7th Circuit Court of Appeals
Case Name: Juan Finch, Jr. v. Mario Treto, Jr.
Case No.: 22-2050
Officials: Sykes, Chief Judge, and Ripple and Kirsch, Circuit Judges.
Focus: Cannabis Dispensary Licensing
In 2019, the Illinois Cannabis Regulation Act was enacted, legalizing the recreational use of cannabis and instituting a licensing system for cannabis dispensaries. The initial round of license applications concluded in 2020, and by mid-2021, the Department had issued 185 licenses through a lottery system. However, the issuance of these licenses was halted due to legal disputes in state courts.
In 2022, the Department introduced a new point-based system for a second batch of licenses, which strongly favored individuals who had long-standing residency in Illinois. The plaintiffs, who were not residents of Illinois but were interested in investing in cannabis dispensaries in the state, took legal action in March 2022. They challenged the residency requirements under the dormant Commerce Clause and sought a preliminary injunction to stop the issuance of the 2021 licenses and the ongoing process for the 2022 licenses.
Initially, the district court rejected their motion for a preliminary injunction, a decision that was subsequently upheld by the Seventh Circuit. This denial of the injunction allowed the Department to go ahead and issue the 2021 licenses, rendering much of the appeal moot. To the extent that it might still be possible to revoke these licenses, the judge considered various factors and concluded that the plaintiffs had delayed too long in challenging the residency requirements. Granting an injunction would have caused significant harm to those who had relied on the licensing process and would have disrupted the orderly completion of the initial licensing round.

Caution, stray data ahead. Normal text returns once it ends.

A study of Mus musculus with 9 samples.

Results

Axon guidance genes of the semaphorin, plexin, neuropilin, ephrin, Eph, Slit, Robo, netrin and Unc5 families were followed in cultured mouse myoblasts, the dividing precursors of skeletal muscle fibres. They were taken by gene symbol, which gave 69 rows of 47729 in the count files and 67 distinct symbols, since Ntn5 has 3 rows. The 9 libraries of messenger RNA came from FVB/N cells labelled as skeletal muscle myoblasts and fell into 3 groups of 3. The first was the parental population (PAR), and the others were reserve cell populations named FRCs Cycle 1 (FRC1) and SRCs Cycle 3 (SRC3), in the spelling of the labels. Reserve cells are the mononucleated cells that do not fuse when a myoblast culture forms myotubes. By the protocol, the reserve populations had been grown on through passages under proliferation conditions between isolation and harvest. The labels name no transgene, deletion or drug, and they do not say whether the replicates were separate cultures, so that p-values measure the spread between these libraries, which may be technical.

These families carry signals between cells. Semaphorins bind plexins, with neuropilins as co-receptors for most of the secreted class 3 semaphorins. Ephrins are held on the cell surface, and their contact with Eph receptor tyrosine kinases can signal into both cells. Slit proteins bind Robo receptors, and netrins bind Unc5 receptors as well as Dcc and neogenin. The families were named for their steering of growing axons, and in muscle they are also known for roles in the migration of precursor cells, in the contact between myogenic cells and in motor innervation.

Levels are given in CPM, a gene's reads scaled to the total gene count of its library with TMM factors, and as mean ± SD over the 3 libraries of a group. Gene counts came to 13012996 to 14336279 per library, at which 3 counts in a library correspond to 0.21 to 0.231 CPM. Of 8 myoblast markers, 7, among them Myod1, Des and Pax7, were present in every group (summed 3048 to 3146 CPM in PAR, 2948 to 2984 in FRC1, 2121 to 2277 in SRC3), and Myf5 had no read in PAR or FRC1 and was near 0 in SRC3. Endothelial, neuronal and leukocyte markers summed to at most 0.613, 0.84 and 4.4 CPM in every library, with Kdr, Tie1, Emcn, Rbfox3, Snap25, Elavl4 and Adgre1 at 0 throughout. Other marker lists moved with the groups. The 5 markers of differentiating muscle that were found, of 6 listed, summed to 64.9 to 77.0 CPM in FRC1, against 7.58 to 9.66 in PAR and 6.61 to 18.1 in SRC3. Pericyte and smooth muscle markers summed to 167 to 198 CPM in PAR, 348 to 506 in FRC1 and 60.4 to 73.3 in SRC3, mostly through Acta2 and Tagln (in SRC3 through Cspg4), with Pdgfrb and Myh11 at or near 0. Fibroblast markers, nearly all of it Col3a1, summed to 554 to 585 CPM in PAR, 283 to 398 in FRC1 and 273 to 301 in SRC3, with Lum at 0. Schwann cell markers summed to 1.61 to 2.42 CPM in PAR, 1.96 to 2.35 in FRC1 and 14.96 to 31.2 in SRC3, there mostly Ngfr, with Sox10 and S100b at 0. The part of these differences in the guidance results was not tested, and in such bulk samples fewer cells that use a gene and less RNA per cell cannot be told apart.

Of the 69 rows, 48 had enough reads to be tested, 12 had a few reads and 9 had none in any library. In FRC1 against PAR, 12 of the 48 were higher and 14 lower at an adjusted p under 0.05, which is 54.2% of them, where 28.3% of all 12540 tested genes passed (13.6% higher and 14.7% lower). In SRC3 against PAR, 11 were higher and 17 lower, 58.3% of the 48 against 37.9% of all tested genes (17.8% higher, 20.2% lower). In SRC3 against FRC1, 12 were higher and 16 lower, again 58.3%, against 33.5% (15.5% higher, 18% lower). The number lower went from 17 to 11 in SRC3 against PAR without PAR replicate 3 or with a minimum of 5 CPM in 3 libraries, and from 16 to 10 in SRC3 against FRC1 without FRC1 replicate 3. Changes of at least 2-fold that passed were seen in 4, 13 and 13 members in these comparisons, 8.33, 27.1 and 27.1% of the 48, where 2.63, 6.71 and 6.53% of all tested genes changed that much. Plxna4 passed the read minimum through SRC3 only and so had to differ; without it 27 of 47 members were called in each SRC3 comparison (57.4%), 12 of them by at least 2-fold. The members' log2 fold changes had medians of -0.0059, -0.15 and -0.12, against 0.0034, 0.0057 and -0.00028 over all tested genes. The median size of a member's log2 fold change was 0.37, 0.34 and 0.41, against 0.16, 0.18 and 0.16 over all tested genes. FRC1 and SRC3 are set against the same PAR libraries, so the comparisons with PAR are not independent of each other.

At the time of the ruling, the Department had not finalized the criteria for the second group of licenses, making a challenge premature because the criteria could still be modified. Subsequently, the Department did finalize the 2022 rules and removed the provisions that had favored Illinois residents.
Ripeness doctrine prevents the premature adjudication of claims that are “premised on uncertain or contingent events. Here the judge was understandably unwilling to weigh in on a nonfinal licensing rule that was subject (and perhaps likely) to change before final adoption, especially when postponing judicial review would cause no hardship to the plaintiffs.
Dismissed in part and affirmed in part.